ISSN : (Online)
Journal of International Academy of Physical Therapy Research Vol.11 No.1 pp.2005-2011
DOI : https://doi.org/10.20540/JIAPTR.2020.11.1.2005

Effect of Motor Imagery Training on Somatosensory Evoked Potentials and Upper Limb Function in Stroke Patients

Jongbae Choia,Jongeun Yangb
aKyung Hee University Medical Center, Seoul, Republic of Korea;
bBethesda Hospital Rehabilitation Center, Suwon, Republic of Korea

Abstract

Background: Motor imagery is the mental representation of an action without overt movement or muscle activation. However, few previous studies have demonstrated motor imagery training effects as an objective assessment tool in patients with early stroke.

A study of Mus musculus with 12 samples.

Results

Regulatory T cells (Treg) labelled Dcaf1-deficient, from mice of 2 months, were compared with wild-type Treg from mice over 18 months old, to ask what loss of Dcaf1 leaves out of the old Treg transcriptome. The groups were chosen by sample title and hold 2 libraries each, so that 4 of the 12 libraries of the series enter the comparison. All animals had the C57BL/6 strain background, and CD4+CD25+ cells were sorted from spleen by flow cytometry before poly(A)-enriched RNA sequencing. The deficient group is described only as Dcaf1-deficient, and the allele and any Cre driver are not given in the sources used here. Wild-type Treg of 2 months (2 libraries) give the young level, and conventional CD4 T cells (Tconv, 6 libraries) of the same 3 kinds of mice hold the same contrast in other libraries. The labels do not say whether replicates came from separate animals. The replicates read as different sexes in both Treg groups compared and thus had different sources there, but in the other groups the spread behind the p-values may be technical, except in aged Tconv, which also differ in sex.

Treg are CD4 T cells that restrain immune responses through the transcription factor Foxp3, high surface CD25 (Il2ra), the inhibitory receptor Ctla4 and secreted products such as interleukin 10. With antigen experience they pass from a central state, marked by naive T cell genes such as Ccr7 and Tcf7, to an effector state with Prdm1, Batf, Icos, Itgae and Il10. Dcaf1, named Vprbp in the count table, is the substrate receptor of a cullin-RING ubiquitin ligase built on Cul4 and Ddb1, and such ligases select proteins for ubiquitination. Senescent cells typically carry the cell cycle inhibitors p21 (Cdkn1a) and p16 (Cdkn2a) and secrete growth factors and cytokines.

Objective: To investigate the effect of motor imagery training on Somatosensory Evoked Potentials (SSEP) and upper limb function of stroke patients. Design: A quasi-experimental study.
Methods: Twenty-four patients with stroke were enrolled in this study. All subjects were assigned to the experimental or control group. All participants received traditional occupational therapy for 30 minutes, 5 times a week. The experimental group performed an additional task of motor imagery training (MIT) 20 minutes per day, 5 days a week, for 4 weeks. Both groups were assessed using the SSEP amplitude, Fugl-Meyer assessment of upper extremity (FMA UE) and Wolf motor function test.
Results: After the intervention, the experimental group showed significant improvement in SSEP amplitude and FMA UE than did the control group.
Conclusion: These findings suggest that the MIT effectively improve the SSEP and upper limb function of stroke patients.